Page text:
Ankle dorsiflexion fMRI in children with cerebral palsy undergoing intensive body-weight-supported treadmill training: a pilot study.

Research paper by John P JP Phillips, Katherine J KJ Sullivan, Patricia A PA Burtner, Arvind A Caprihan, Beth B Provost, Ann A Bernitsky-Beddingfield

Indexed on: 11 Jan '07Published on: 11 Jan '07Published in: Developmental Medicine & Child Neurology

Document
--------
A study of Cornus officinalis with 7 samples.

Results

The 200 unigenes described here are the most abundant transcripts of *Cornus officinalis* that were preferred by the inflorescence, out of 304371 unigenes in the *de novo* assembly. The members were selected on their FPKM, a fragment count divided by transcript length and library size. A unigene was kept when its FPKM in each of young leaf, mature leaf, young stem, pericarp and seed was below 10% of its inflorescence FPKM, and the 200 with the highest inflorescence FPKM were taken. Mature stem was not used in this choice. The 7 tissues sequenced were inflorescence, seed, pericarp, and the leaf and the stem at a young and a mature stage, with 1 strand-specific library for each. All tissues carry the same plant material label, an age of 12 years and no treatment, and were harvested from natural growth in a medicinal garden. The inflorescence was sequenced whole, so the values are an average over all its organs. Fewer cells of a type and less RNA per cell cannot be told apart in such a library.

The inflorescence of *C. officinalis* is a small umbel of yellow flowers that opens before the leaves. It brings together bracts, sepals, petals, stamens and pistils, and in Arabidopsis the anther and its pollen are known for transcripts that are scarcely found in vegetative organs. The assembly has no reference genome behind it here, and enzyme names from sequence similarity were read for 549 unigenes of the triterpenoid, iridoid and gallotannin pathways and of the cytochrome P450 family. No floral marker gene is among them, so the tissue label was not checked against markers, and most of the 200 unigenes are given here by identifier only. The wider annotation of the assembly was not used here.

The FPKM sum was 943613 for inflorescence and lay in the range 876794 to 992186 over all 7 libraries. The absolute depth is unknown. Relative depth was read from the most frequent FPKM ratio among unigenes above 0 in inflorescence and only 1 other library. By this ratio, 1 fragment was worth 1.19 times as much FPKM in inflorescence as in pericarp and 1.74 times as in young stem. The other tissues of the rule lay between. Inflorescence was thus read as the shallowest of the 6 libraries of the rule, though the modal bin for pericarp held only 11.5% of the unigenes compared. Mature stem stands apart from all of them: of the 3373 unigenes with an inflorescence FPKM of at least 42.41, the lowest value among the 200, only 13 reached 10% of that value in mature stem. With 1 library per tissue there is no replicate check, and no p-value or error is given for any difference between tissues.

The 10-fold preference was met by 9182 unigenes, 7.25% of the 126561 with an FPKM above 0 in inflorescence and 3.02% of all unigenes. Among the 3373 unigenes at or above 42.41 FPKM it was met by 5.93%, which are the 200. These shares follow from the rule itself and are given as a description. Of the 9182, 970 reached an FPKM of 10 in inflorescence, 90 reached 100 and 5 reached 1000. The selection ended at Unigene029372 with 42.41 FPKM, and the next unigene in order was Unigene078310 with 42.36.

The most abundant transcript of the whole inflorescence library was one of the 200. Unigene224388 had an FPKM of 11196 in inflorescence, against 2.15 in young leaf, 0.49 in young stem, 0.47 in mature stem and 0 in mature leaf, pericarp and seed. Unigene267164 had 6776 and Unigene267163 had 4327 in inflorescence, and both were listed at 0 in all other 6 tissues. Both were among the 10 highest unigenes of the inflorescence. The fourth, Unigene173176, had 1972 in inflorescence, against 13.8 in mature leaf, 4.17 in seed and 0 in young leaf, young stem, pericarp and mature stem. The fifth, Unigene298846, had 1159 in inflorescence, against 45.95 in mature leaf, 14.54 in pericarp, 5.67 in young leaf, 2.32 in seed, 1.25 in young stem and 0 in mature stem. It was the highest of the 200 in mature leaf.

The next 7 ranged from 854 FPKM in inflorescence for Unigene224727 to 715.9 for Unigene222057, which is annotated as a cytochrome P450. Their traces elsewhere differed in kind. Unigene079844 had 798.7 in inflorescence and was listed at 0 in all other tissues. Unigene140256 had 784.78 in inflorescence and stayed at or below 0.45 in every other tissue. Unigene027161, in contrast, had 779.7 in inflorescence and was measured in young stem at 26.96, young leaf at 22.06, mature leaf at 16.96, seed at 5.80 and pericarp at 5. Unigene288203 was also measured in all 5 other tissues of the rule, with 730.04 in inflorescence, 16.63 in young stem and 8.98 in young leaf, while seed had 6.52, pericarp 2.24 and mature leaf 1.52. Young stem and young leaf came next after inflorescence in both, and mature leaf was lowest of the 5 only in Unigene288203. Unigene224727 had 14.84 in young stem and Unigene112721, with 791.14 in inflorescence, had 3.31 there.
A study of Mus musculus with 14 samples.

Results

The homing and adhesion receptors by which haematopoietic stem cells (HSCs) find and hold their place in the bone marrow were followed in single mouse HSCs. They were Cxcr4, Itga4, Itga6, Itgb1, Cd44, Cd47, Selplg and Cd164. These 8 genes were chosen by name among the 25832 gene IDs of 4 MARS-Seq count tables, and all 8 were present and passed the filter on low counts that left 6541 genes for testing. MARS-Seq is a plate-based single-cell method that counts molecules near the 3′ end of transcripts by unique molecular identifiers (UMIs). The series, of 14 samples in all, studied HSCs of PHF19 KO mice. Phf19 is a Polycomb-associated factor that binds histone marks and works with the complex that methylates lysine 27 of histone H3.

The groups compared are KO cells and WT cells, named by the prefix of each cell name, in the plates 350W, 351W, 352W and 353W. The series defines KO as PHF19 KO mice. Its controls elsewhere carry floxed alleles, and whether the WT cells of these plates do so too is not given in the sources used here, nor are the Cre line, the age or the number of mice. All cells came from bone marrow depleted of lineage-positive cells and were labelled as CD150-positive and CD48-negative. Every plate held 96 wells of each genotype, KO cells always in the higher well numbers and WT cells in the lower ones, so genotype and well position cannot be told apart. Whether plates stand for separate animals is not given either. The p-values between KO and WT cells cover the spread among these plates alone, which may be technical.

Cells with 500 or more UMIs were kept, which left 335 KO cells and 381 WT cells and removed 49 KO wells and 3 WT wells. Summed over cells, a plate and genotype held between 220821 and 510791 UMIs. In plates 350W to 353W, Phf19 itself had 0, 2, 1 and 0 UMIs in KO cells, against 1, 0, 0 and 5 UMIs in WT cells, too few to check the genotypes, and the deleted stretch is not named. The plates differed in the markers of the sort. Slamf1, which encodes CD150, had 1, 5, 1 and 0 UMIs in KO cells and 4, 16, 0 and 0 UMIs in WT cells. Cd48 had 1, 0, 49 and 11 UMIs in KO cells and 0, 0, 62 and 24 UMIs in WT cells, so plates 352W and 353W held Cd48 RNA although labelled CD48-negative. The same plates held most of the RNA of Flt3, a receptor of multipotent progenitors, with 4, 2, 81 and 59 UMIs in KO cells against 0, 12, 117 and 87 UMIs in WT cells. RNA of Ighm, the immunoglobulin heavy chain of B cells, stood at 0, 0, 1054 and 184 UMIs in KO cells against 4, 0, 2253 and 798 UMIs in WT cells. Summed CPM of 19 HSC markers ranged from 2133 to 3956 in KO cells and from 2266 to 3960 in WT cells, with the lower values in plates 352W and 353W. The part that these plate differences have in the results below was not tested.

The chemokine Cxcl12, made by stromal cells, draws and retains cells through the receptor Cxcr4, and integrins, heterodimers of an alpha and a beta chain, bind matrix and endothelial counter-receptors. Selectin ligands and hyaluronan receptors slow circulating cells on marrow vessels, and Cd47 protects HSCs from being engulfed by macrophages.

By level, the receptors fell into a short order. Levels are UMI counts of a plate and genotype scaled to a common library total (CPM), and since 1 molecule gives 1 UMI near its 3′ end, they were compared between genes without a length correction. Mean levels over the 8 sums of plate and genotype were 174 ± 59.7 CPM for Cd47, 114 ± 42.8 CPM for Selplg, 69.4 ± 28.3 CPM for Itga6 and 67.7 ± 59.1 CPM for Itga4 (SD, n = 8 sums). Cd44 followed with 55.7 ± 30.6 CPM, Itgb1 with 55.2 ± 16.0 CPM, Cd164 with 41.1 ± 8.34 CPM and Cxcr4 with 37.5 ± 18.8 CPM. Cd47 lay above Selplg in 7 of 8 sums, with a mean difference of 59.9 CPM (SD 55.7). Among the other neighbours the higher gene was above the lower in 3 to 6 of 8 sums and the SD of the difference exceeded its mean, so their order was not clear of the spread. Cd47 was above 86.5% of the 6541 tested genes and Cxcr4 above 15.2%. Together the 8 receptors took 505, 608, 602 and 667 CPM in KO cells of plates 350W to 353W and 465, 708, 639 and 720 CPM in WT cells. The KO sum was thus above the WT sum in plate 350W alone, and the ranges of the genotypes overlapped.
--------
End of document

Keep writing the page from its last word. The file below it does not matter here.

This pilot study investigated the feasibility of using functional magnetic resonance imaging (fMRI) as a physiological marker of brain plasticity before and after an intensive body-weight-supported treadmill training (BWSTT) program in children with cerebral palsy (CP). Six ambulatory children (four males, two females; mean age 10y 6mo, age range 6-14y) with spastic CP (four hemiplegia, two asymmetric diplegia, all Gross Motor Function Classification System Level I) received BWSTT twice daily for 2 weeks. All children tolerated therapy; only one therapy session was aborted due to fatigue. With training, over ground mean walking speed increased from 1.47 to 1.66m/s (p=0.035). There was no change in distance walked for 6 minutes (pre-: 451m; post-: 458m;p 0.851). In three children, reliable fMRIs were taken of cortical activation pre- and post-intervention. Post-intervention increases in cortical activation during ankle dorsiflexion were observed in all three children. This study demonstrates that children with CP between 6 and 14 years of age can tolerate intensive locomotor training and, with appropriate modifications, can complete an fMRI series. This study supports further studies designed to investigate training-dependent plasticity in children with CP.